Ooooh… that Inconsolata is intriguing… I think it has some similarities to FreeMono which is also very nice.


DejaVu Sans Mono and Liberation Mono are my choice.
Liberation Mono works perfect at any size.




Anyone else have any problems with unprintable ascii characters when using consolas on Visual Studio 2008?


The character to split on is the ASCII SOH character (0x01).

When using consolas, the whole line just disappears in the IDE, switch to Courier New, and the line re-appears.


I would use FreeMono in windows but it has some strange points on the top and bottom.


Panic Sans is a repackaged a href=http://www.oreillynet.com/mac/blog/2007/04/in_love_with_a_font.htmlDejaVu Sans Mono/a.


My Top 5 fonts for programming:

1/ Bitstream Vera Sans Mono
2/ Monaco
3/ Anonymous
4/ Courier New
5/ Consolas

If the license of Consolas is more liberal, it may make no.2 or no.3 on my list :slight_smile:


Wow!! It’s really amazing!!! Cool man…


Prima Sans Mono - a variative to Bitstream Vera Sans Mono, but with modifications. The top 4 fonts for programming are:

1/Prima Sans Mono
2/Segoe Print (a proportional font, but lacks box drawing characters)
4/Monaco Tweaked (a modified version of Monaco)

You alternate between Prima and Vera Sans Mono. Both have details you like a lot. The half-serif lowercase L in Vera Sans Mono is brilliant; but Prima Sans Mono is not; the dotted zero in Vera Sans Mono is much less objectionable than the standard slashed zero; but Prima Sans Mono is not; the curly quotes in Lucida Console are really, really obviously curled; and on and on. Two votes for Courier New, and one for Fixedsys Excelsior.

Fixedsys Excelsior 3.00: unicode font similar to the ASCII fixedsys. Can be modified. The font file name is FSEX300.ttf. Anonymous has a backslashed zero but Courier New, Prima Sans Mono and other console fonts don’t.


Are there any results?

One font wasn’t hinted. Can you add hinting to the fonts???

Consolas: looks good with ClearType.
Inconsolata: doesn’t look good. needs to hint with a program.
Monaco: looks great with ClearType.
Envy R: looks good with ClearType.
Bitstream Vera Sans Mono: looks good with ClearType. a few characters are mapped to notdef.
Prima Sans Mono: looks good with ClearType. a few characters are mapped to notdef.
Pragmata: looks great with ClearType.
Courier New: looks great with ClearType.
Lucida Typewriter/Lucida Console: looks great with ClearType.
Comic Sans MS: looks great with ClearType. can be used for text.
Andale Mono: looks great with ClearType.


You tried to go to that link, but the administrator had deleted the image and got the message. ImageShack deleted incosolatacleartypeey5.png, because it’s unable to access it.


You can find Hell’s Programmer here:


It’s not a Trutype font, but a bitmap font for Mac and Windows. I’m not sure the Mac version of it is recognized by Mac OS X anymore, but I’m pretty sure the Windows version still works.

Bitmap fonts are some of the best for programming in my opinion.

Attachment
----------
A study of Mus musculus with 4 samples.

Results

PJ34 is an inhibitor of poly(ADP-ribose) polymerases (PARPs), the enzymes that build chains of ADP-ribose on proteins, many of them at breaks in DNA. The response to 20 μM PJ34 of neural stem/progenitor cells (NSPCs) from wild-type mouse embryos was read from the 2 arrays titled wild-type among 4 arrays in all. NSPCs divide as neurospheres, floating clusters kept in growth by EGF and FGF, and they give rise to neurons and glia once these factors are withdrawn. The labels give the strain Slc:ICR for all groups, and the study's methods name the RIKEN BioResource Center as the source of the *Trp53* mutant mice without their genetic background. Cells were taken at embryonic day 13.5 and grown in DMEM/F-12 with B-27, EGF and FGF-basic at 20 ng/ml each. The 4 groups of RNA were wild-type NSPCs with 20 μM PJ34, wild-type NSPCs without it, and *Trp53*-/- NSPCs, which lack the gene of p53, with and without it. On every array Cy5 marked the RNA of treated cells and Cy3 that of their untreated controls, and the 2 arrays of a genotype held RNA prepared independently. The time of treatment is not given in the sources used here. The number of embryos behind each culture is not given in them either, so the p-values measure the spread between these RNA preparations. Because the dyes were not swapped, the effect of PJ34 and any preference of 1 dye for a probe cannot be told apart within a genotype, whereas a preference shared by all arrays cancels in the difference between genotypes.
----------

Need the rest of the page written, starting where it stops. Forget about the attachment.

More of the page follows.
Brought up in the world of UNIX, I’ve always been a big fan of the original misc-fixed fonts from The X Window System. While I adore Dina, I never really liked how wide it was. I want more code to fit on the screen. Hence, the 6x13 version is perfect.



Of those listed, I too prefer Consolas.

Although the good old Courier New typeface has been around for ages, it works. For me personally, it’s easy on the eyes and it’s great that it’s the default font in VC8 (in ‘orcas’, did they change it?)


I gotta go with the proportional crowd here. I moved away from monospaced a few years ago, and I just can’t go back to it now. Currently using Vrinda (either a Vista or Office 2K7 font - not sure which), but when I’m on an XP machine it’s Lucida Sans Unicode.


Everyone who was even remotely surprised by the legion of Mac users insisting that Monaco looks wonderful on the Mac, raise your hand…


I would try Terminus as a font.


I’ve realised that having fewer lines of code on the screen can be a good thing. It unconsciously forces you to make your methods shorter.

Anyway. I’m a BitStream Vera Mono guy, it’s so well done that sometimes I forget it’s a monospaced font, but I like the look of Consolas a lot. Also I saw my workmates using Delphi in Twilight and thought they were crazy. Then I started to notice a bit of eyestrain so I tried it for a while and loved it. I don’t know why VS2005 Express doesn’t have themes. I tried setting it to white on black, but it is a lot of hard work to change all the settings.


I am starting to wonder if I am just a real odd ball.

I am a huge fan of Arial size 10 on a nice black background.

I do have to say I do like the Consolas font so I might try it out. As long as it looks clean and works with my background then I can always work with it.


I believe I have discovered the ultimate ProFont rendering.

The sad part is that I can’t reproduce it when I have console access to the machine.


I installed the ProFontWindows “tweaked” TrueType edition on my Vista machine at home.

Sometime later in the day, I did a Remote Desktop connection to my work machine, where I have ProFontWindows (the .FON version) installed.

Lo and behold, it rendered as in the image above, instead of the expected bitmap form of ProFont, which is odd, since the remote desktop has only the bitmap version (.FON) installed, not TrueType.

It’s as if the local version of the font is being rendered (better) by the remote side?

Try as I might, I cannot get it to render exactly like that on my Vista machine though - I tried disabling ClearType, disabling any type of font smoothing whatsoever, but no go. And when I go to work, with physical access to the machine, it doesn’t render like that either.

This is what it renders like currently on Vista:


More compressed and compact, you’ll notice. Changing the point sizes doesn’t reproduce the desired rendering.

Any suggestions on how to get it to render like the first screen cap?